By Jalal Bouhdada
The very concept of a smart building is a tantalizing one for building owners and managers alike.
Increased energy efficiency, enhanced physical security, and reduced operational costs are just a few of the benefits the buildings of tomorrow are expected to deliver. But the smart building is no longer a vision; with the growth of the Internet of Things (IoT), the smart building of the future is already upon us.
Not only are our buildings already smart, they are getting exponentially more advanced as the pace at which intelligent technology is being introduced to our homes, offices and factory floors continue to accelerate. The amount of money spent on networked lighting, physical security, infrastructure and comfort systems is set to increase in the next four years from what is currently a $7.42 billion market, to a predicted $31.74 billion by 2022.
The current pinnacle in smart building design is The Edge in Amsterdam. With a focus on sustainability, it has toilets that flush with rainwater; a robot security guard searching for intruders at night, and smart ceilings that can measure temperature, light, motion and humidity. Workers can control the temperature and lighting via mobile apps, meaning they can work in an environment that suits them, potentially leading to benefits such as increased worker happiness, and therefore productivity.
It sounds like the perfect set-up, but as buildings and technologies of this nature become more widespread, it is important all stakeholders in the design, building and operation of building management systems (BMS) commit to best practices in cybersecurity to protect against malicious third-parties, and make certain they have adequate counter-measures in place in case an attacker does manage to instigate an attack.
Rise of IoT
There is no denying the more systems and devices that are introduced to a network, the greater the attack surface that cybercriminals can look to exploit. This was made clear when researchers were able to take control of KNX network components, a network communications protocol for building management automation used in stadiums, hotels, airports and industrial facilities, to attack a Marriot hotel. Researchers took control of lighting, air conditioning, curtains and other equipment within in a hotel room.
The problem is this type of flaw could become much more common, with much greater ramifications, because many systems are being deployed in an ad hoc manner without proper consideration of their own security, let alone other parts of the network.
The list of IoT devices that have been deployed with weak security is endless.
In office environments, this could be access control systems, sensors or CCTV cameras, all of which are common attack vectors for malware developers. Opportunists are always on the lookout for careless technology deployments and design flaws in systems that leave backdoors open into other areas of a network. This is a problem that must be addressed, and quickly.
Smart Building Security
The first issue building owners and managers encounter when trying to secure the smart building is most are likely to contain a wide mix of new and legacy systems. While many legacy systems were never designed to connect to a network, even brand-new, state-of-the-art technologies may not have been designed, developed or deployed with a “secure by design” ethos in mind.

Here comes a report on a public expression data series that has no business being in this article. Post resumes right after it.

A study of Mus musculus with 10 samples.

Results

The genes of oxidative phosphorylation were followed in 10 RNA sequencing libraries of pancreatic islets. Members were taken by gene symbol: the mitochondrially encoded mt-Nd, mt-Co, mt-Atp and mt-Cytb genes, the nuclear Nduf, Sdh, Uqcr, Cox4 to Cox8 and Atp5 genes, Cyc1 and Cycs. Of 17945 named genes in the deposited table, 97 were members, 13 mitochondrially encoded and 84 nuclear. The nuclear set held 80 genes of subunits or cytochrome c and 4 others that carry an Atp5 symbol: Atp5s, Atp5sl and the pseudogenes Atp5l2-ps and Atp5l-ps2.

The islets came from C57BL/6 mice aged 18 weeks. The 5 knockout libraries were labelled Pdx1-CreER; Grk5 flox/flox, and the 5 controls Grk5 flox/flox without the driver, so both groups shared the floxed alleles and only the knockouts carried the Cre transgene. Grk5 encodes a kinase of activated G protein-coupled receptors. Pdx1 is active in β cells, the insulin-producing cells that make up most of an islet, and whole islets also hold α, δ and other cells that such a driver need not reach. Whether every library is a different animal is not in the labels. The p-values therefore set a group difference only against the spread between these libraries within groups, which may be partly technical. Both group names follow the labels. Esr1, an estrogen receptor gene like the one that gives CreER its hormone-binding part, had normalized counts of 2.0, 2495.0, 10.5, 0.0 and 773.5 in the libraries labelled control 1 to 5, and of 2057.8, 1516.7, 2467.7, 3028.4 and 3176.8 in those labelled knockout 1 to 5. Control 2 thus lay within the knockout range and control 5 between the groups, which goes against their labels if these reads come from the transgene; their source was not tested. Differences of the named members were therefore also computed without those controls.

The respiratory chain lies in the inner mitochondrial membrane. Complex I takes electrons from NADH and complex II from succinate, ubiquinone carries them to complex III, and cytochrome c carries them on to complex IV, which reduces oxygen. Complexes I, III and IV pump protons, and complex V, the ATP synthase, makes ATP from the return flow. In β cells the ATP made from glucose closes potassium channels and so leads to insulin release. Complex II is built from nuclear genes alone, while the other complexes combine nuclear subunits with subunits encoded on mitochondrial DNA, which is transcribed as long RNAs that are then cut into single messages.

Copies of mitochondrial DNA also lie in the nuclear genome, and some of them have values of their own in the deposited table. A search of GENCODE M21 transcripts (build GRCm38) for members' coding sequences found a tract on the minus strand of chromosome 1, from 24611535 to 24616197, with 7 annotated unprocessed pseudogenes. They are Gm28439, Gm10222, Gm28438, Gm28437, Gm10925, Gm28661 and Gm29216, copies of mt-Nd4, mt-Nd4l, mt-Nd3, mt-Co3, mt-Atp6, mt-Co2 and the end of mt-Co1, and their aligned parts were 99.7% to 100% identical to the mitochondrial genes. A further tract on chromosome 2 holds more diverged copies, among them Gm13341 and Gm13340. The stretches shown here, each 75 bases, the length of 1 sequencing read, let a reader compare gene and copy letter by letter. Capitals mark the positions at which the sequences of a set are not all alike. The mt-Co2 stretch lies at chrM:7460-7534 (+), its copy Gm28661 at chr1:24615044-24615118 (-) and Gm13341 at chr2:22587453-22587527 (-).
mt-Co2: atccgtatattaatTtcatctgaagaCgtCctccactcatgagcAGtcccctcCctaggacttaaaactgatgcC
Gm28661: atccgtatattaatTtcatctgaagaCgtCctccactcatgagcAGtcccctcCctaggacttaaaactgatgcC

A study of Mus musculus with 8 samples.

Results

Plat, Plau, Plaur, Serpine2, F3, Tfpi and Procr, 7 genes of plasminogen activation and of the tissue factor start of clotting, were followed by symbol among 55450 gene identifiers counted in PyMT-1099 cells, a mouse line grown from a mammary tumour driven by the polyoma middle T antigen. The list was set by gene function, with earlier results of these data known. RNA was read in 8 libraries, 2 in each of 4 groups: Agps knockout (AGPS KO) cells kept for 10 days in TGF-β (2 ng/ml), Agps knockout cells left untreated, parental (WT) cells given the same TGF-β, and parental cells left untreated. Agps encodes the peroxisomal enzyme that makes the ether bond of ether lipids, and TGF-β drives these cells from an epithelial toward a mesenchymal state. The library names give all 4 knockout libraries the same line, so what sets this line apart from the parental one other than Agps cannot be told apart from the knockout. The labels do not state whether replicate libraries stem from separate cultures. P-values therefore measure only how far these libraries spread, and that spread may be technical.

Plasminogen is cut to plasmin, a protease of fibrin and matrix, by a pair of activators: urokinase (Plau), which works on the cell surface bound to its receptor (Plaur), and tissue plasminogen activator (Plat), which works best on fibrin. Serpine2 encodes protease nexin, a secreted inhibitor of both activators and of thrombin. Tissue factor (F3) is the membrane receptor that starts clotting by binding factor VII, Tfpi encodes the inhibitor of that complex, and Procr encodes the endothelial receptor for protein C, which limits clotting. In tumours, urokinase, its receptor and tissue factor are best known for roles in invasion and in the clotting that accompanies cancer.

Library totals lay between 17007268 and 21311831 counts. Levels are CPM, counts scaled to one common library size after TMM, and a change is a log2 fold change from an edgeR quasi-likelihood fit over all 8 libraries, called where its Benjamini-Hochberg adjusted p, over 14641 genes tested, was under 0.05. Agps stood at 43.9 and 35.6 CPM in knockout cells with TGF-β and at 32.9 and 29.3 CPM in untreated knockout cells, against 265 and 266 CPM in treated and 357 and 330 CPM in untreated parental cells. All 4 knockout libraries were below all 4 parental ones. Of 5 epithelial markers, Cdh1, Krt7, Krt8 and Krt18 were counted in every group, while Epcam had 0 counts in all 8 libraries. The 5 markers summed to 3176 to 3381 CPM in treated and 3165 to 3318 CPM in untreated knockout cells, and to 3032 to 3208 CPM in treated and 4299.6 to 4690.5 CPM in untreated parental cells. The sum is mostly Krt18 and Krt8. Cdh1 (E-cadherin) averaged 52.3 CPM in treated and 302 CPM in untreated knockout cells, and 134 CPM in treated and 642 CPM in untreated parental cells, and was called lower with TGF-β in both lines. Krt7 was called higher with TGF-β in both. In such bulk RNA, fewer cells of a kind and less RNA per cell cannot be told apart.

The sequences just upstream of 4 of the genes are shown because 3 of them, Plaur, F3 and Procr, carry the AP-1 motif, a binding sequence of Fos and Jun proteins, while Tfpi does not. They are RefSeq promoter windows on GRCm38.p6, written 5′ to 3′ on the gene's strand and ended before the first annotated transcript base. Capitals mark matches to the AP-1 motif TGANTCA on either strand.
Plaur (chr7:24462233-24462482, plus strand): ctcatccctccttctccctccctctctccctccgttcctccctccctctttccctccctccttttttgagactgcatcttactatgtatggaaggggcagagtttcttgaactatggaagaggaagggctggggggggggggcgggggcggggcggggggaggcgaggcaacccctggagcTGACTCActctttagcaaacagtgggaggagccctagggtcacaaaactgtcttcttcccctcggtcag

This secure by design approach is critical.
It encourages cybersecurity to be thought about at the beginning of the design, development and deployment process, whether that be for a new build, or the integration of Internet-connected systems to a pre-existing structure. Following best practices for assessing and mitigating against risk at every stage of the process is a must and could help prevent such attacks from becoming a regular occurrence.
This is where lifecycle management comes in, alongside a long-term plan for upgrading IoT devices once they are deployed. Likewise, proper network segregation should keep poorly secured IoT devices, if there are any left, a long way from servers containing customer data. A full security assessment by an independent advisor would highlight any potential risks and vulnerabilities before a potential incident becomes an accident.
Staff training is another vital piece of the puzzle when ensuring the ongoing security of a smart building. Often the first-line of defense, they must be aware of the dangers that could be encountered when connecting any device to a network without a proper risk assessment. This type of assessment, auditing and continuous testing is the only way to truly deliver security by design.
While these new processes are put in place, building owners, suppliers and managers need to act now to ensure the security of buildings and the private data they already hold, as well as the safety of those within them. Such efforts must be co-ordinated to ensure that whatever IoT devices they are planning to install, or have already introduced, follow secure by design principles.
Jalal Bouhdada is founder and principal ICS security consultant at security provider, Applied Risk.
Bouhdada has over 15 years’ experience in Industrial Control Systems (ICS) security assessment, design and deployment with a focus on Process Control Domain and Industrial IT Security. He has a B.S degree in Security Assurance from Amsterdam University of Applied Sciences and is an active member of the Industrial Internet Consortium (IIC), ISA99, NEN, CIGRE and other professional societies.